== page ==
A major debate that is being discussed both domestically and internationally is the involvement of the United States of America in international affairs. This debate includes the practicality of where the United States has intervened in foreign affairs, its right to intervene in the first place considering past mistakes and questionable leadership, and whether or not that foreign involvement is in the general public’s best interest.
Obviously, the two sides of the debate refer to the ‘yes’ position, explained by Ivan Eland (as in yes, the United States should limit it’s global involvement) and also the ‘no’ position, backed by President Barack Obama (as in no, the United States should not limit it’s foreign involvement). Eland’s basis for his argument is that the United States has habitually overspent it’s treasure and overextended it’s military power to a point where we cannot keep pace economically and which could bring upon the demise of the American government as we know it. He also points out that continued foreign endeavors increases the risk of the United States being a target for terrorist attack.
Obama’s vision is that The United States of America needs to re-establish its place as a world leader by maintaining an active foreign policy. Obama admits that mistakes have been made where international affairs are concerned, but that is a reason to fix those mistakes and step up as a suitable leader once more. Discussed later in the paper is my own point of view, which supports President Barack Obama and his plan for active engagement in foreign affairs, in a conservative and confidant manner.
In his position, Eland points out that both republican and democratic actors, as of now, support the use of military force and United State intervention in foreign affairs. This begs the question, who is on Eland’s side? His half of the debate offers advice to both the conservatives and the liberals who are currently apart of US involvement decision-making. While he upholds fair and good points, his arguments hold less sway due to his non-direct involvement.
Eland’s first argument has a basis in the research of Christopher Coyne, a professor at West Virginia University. The bottom line of this research is that the Unites States attempts of bringing about democracy in countries where we have tried to intervene militarily has yielded low percent success rates. So it may be that it is time for America to change its tactics from a military to a more democratic approach. Another notion brought up by Eland is that it is in America’s best interest to unextend it’s military power. He points out that is unlikely for another hegemonic power to arise very quickly in the absence of our lessened military power, and also compares the overextending of the United States assets to when the Soviet Union overextended itself and it’s socialistic government collapsed.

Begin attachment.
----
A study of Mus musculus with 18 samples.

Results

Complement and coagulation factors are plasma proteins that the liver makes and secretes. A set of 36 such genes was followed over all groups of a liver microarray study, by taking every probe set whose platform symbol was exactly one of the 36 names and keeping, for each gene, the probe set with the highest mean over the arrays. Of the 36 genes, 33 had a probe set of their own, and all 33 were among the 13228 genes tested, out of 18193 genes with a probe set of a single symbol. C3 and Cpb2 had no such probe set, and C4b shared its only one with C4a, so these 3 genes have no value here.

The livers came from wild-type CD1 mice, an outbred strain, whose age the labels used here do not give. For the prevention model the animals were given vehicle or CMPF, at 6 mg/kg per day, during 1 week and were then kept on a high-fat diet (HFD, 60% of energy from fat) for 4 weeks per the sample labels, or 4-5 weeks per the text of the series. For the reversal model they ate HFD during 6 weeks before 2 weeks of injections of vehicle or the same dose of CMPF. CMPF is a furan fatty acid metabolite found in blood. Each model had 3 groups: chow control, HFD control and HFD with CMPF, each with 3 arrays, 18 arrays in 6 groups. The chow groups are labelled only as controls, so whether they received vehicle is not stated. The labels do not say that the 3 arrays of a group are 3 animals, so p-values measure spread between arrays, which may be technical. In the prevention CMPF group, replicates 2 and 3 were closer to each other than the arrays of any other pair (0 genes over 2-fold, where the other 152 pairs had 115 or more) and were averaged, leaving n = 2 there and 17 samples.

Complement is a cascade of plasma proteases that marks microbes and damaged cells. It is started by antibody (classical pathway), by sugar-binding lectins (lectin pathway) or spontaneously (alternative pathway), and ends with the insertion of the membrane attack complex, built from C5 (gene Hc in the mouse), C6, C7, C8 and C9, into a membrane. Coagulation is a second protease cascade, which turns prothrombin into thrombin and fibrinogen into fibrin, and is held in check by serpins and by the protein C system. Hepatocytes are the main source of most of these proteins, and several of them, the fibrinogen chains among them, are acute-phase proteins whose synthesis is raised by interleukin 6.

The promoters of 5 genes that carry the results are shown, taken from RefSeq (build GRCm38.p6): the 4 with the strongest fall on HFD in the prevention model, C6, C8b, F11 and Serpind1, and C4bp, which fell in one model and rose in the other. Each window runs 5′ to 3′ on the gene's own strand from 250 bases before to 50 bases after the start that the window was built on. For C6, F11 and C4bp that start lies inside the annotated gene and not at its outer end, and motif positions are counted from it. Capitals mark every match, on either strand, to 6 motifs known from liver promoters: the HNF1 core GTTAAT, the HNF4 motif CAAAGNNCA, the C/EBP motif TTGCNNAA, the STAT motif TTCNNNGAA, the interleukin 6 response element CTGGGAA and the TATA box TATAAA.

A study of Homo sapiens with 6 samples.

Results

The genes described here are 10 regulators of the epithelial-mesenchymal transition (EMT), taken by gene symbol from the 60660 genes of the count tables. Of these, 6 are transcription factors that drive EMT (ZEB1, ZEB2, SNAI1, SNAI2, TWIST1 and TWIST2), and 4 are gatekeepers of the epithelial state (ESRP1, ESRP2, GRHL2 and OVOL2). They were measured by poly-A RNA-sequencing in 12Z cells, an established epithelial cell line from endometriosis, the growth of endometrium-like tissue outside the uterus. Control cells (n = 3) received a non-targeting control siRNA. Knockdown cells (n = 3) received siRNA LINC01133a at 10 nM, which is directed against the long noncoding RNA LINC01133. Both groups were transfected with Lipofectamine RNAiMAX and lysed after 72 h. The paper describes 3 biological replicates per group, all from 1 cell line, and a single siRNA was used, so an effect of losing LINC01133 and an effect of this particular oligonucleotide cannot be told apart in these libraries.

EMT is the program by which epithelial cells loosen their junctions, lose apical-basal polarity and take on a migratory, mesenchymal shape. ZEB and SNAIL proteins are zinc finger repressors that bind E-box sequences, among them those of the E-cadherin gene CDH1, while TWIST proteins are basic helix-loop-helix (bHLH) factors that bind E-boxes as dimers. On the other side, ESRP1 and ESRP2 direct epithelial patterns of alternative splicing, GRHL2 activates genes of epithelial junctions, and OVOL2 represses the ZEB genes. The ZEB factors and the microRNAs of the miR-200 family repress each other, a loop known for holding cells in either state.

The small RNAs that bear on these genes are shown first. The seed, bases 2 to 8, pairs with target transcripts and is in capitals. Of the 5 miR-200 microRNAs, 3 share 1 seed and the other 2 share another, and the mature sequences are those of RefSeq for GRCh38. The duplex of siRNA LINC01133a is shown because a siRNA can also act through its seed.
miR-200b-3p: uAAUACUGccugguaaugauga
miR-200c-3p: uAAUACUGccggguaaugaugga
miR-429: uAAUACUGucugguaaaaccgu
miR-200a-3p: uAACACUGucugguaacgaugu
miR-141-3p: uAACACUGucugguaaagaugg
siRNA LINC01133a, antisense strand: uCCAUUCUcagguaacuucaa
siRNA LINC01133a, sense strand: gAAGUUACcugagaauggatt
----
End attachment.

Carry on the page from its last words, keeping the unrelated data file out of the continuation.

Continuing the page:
However, Eland also points out that economically, European countries and China are achieving much more than the US. Therefore, if America does not keep up its involvement globally, it is likely that one of those countries could succeed us as the new superpower, thus contradicting his earlier statement that there is unlikely to be a new hegemon anytime soon. It is also unfair to liken the demise of Russia to that of the United States, when the governmental systems are very different.
President Barack Obama is in favor of upholding US involvement globally, and maintaining a leadership role. He plans to do this with 5 steps. First, by bringing troops home from Iraq but also leaving some to keep Al Queda and other terrorists at bay. However, the president doesn’t explain exactly how this will be accomplished more effectively since we are already supposedly fighting “The War on Terrorism” with all our best resources.
The main point in Barack Obama’s debate is that the United States needs to stay active in the world to remain on top. To do that, new alliances must be built within NATO, but also keep up with the times and constantly revise our alliances and position within the global community. It is also clear that The United States of America has made mistakes in it’s leadership and economically, but overall, Obama’s plan is fairly clearly outlined in his debate, that mostly makes logistical sense. The first step outlined in order to regain influential leadership is changing the troops and approach in the war in Iraq. Second, to employ a 21st military that is powerful, bright and able. Third, to reinforce allies and stand by other in countries in attempt to keep the world’s deadliest weapons out of the worst hands.